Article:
Humanitarian Use Devices (HUD)
A Humanitarian Use Device (HUD) is a device that is intended to benefit patients by treating or diagnosing a disease that affects fewer than 4,000 individuals in the United States per year. To be considered for HUD status, a device sponsor must complete a humanitarian device exemption (HDE) application with the FDA.
An approved HDE application authorizes the applicant to market the HUD. The labeling for the HUD must state that the device is an HUD and that the effectiveness of the device has not been demonstrated.
An HUD is the only situation where federal regulations require the IRB to approve and monitor an activity that is clearly not research. Research is not required for the use of an HUD, and each IRB is free to establish its own criteria for IRB approval. The IRB review of HUDs can be particularly challenging, given that there is no research objective or design, no investigational device, no subjects, no study harm, or benefits. The primary reason for this requirement may be to give notice to the institution that the HUD will be used.
Issues to Consider:
- FDA regulations require local IRB approval before use of an HUD.
- A local IRB may defer to another IRB that has agreed to assume responsibility for reviewing the use of the HUD in the setting in question. All inter-IRB agreements must be documented in writing.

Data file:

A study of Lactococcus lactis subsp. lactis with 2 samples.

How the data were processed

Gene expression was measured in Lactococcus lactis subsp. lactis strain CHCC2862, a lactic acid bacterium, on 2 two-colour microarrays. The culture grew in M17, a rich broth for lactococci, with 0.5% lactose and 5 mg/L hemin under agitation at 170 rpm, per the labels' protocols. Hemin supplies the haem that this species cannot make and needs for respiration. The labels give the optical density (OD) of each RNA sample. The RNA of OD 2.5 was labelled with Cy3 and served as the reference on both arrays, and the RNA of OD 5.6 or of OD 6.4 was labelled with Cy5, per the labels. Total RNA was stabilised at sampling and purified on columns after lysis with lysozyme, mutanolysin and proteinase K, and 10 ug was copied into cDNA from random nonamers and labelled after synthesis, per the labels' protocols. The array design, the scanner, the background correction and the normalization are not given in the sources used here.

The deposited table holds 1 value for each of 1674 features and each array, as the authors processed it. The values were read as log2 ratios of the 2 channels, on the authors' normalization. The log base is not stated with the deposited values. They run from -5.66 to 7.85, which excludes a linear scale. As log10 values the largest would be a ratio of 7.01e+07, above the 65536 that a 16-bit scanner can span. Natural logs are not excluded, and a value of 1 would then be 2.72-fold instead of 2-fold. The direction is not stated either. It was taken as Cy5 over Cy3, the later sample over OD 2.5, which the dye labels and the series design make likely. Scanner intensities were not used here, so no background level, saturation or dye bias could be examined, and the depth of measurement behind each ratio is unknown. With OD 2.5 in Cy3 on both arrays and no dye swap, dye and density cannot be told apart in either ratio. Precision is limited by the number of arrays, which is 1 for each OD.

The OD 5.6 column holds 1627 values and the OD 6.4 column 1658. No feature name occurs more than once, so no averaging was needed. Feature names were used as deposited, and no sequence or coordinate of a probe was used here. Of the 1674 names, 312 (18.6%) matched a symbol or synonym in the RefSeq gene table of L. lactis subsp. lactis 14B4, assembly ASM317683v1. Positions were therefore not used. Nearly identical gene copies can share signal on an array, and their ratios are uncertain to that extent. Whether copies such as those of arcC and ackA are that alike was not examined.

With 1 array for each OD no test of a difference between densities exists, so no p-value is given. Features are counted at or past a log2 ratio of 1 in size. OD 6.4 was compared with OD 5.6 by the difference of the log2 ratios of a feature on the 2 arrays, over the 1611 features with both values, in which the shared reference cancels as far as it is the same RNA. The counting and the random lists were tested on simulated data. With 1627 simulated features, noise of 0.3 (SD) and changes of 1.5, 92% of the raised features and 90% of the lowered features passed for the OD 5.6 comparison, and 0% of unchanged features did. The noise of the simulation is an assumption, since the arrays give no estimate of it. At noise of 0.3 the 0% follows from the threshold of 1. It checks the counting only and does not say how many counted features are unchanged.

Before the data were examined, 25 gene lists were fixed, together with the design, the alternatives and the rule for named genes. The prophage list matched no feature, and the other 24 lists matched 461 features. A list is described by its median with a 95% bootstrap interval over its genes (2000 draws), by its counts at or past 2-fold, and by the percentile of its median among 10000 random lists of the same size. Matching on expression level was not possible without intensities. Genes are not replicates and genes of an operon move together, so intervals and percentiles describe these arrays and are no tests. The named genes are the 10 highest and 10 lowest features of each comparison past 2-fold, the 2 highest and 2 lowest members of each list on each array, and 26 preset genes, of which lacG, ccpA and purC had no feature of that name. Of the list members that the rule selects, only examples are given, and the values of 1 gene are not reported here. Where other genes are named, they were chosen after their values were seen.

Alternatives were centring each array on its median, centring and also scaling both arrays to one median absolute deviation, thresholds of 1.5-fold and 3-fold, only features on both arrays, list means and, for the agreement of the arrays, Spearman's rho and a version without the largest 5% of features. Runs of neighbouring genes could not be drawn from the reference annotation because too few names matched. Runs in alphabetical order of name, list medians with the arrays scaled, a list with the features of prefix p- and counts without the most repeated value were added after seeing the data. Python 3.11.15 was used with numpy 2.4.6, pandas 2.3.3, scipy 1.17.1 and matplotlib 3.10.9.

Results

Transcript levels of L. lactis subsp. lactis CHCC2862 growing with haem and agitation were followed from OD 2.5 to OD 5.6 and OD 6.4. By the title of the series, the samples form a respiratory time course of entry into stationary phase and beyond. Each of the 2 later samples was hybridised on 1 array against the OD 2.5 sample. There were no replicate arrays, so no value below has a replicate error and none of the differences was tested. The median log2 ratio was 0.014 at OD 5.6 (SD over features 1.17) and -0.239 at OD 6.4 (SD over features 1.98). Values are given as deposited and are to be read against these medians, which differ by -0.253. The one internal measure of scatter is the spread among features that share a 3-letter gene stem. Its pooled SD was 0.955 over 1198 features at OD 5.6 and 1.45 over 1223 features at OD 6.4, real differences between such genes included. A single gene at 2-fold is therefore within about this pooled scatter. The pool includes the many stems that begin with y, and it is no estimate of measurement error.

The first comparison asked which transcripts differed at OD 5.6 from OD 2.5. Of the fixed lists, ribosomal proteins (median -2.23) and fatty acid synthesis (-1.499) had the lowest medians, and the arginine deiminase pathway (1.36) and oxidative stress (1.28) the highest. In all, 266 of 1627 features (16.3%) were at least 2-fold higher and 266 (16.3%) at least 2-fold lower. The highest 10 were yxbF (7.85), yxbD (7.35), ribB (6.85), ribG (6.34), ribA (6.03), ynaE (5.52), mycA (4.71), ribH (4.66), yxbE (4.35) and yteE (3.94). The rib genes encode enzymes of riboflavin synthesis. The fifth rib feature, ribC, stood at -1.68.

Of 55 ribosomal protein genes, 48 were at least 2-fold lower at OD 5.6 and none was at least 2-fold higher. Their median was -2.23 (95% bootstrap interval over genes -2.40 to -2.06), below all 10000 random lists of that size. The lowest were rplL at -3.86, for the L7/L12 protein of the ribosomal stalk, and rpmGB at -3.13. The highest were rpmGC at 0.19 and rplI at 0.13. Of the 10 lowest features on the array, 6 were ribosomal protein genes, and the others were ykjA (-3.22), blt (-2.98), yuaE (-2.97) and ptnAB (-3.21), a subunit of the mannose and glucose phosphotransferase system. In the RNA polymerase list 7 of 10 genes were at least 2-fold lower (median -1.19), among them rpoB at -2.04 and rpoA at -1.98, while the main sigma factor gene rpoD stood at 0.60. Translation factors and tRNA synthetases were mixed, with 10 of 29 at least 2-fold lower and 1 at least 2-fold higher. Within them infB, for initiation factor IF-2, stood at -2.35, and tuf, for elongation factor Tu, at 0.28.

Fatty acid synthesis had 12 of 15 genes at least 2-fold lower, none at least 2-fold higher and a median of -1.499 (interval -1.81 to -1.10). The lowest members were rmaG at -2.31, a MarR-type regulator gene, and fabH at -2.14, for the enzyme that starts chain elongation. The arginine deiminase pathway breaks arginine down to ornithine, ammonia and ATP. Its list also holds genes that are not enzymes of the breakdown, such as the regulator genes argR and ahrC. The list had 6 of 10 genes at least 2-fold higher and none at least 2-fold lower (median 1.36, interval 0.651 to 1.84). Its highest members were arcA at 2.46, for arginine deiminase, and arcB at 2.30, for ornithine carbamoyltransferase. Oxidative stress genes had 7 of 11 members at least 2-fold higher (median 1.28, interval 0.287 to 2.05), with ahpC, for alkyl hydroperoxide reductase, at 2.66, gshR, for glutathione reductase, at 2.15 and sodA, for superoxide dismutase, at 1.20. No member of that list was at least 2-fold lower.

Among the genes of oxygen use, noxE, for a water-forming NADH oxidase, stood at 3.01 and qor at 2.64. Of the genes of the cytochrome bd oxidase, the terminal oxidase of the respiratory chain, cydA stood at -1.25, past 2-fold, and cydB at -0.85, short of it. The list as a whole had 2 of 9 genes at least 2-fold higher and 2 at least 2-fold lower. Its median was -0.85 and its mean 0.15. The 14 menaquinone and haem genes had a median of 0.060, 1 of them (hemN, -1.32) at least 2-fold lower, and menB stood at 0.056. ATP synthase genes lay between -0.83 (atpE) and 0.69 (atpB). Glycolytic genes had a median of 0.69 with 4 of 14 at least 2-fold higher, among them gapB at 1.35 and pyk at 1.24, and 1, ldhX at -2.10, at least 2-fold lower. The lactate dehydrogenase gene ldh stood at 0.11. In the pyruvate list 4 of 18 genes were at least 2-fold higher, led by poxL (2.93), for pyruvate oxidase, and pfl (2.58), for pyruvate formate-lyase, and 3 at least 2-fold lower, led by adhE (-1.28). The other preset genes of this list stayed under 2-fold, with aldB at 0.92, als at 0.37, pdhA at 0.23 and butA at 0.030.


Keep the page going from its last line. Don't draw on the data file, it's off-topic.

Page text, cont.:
- The holder of the HDE is responsible for ensuring that the HUD is used only at facilities that have established an IRB that operates in compliance with FDA regulations.
- The IRB has the discretion to determine the conditions of HUD use. The IRB may approve the use of the device in general, in a specific number of patients, only under specific circumstances, etc.
- The regulations require that an IRB conduct both initial and continuing review of an HUD.
- The regulations do not require informed consent to use an HUD outside the setting of a research protocol. However, the IRB may require informed consent be obtained in any situation it deems appropriate.
- The IRB will specifically ask for a statement from the local user that the HUD is not being used as a part of a research project or clinical investigation designed to collect data to support an FDA pre-market approval application.
Also see the following guidance:
Submitting a Humanitarian Use Device Application in ERICA
- Log on to ERICA
- Click on the IRB Studies tab
- Click on the Create a New Study Application button
- Complete the new study application entirely
- Attach required and supporting documentation to the Documents and Attachments page, including HUD Consent forms (see the IRB Forms web page for HUD Consent templates)
- Submit the application to the IRB for review
*Information adapted from Amdur, Robert J., M.D. & Bankert, Elizabeth A. Institutional Review Board: Management and Function (2005). Jones & Bartlett Pub;2 edition.